D. Scott Rieth Criminal Defense Attorney

Most of us have been there - the sudden jolt of adrenaline as we see the lights of a police vehicle behind us, signaling us to pull to the side of the road. We obey the directive and pull over, preparing for the inevitable encounter with the law enforcement officer. However, during a traffic stop, the police officer's power to investigate is not absolute. In fact, there are a number of important protections afforded to people who have been pulled over.

The law for vehicle searches rests on the side of the vehicle owner, not the police officers, who must have a valid reason or purpose for doing so. In fact, there are only 6 ways that officers can search a vehicle during a traffic stop. The first is the most obvious and legally supported - if the police have already obtained a valid search warrant in support of an investigation. However, search warrants are generally limited in scope, and it can be important to ensure the officer is staying within those limits. Not doing so can open up a legal challenge to any evidence collected.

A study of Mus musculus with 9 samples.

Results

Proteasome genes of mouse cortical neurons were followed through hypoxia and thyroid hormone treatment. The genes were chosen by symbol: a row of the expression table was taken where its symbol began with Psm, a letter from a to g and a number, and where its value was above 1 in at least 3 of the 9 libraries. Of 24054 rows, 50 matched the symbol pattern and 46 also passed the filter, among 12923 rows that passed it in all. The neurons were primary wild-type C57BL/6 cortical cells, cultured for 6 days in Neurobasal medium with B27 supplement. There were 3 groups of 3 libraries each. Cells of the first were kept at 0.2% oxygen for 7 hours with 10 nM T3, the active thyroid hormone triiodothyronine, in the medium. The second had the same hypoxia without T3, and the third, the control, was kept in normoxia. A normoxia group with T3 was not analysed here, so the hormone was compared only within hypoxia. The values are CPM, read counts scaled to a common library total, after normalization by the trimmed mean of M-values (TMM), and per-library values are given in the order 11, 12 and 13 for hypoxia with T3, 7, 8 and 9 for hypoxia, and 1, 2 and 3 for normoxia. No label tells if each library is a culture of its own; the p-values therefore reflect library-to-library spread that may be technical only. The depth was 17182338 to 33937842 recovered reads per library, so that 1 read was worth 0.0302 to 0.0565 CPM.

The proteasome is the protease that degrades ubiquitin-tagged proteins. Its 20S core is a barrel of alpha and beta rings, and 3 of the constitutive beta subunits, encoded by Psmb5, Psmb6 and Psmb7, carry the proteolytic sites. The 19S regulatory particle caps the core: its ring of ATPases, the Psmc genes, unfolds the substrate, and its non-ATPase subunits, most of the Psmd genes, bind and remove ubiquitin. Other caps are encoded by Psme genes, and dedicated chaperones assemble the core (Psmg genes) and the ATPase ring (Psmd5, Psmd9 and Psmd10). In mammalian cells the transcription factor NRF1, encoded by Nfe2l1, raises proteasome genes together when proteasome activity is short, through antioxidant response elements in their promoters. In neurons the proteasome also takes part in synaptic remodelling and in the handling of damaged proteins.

Outside of a warrant, police can search if they obtain consent - but the driver can legally decline. They may also search the vehicle if a "plain sight" search reveals evidence of a crime, such as a bag of marijuana visible on the back seat of the car. In addition, police can perform a search incident to arrest, meaning if they have the necessary probable cause to arrest someone, they may search the vehicle. Police can also search if there is probable cause to suspect a crime. Finally, if "exigent circumstances" exist such as apparent evidence being destroyed, they can step in and perform a warrant-less search.

So, while the police have 6 avenues to perform a legal search, there are very real protections and limits on these legal searches. If a search is conducted illegally and it leads to drug charges, an experienced attorney may be able to successfully challenge the circumstances of the search and have evidence removed from consideration, possibly sinking a prosecutor's case. For this reason, knowing the law and mounting a vigorous defense could prove the difference between dismissed drug charges and a conviction.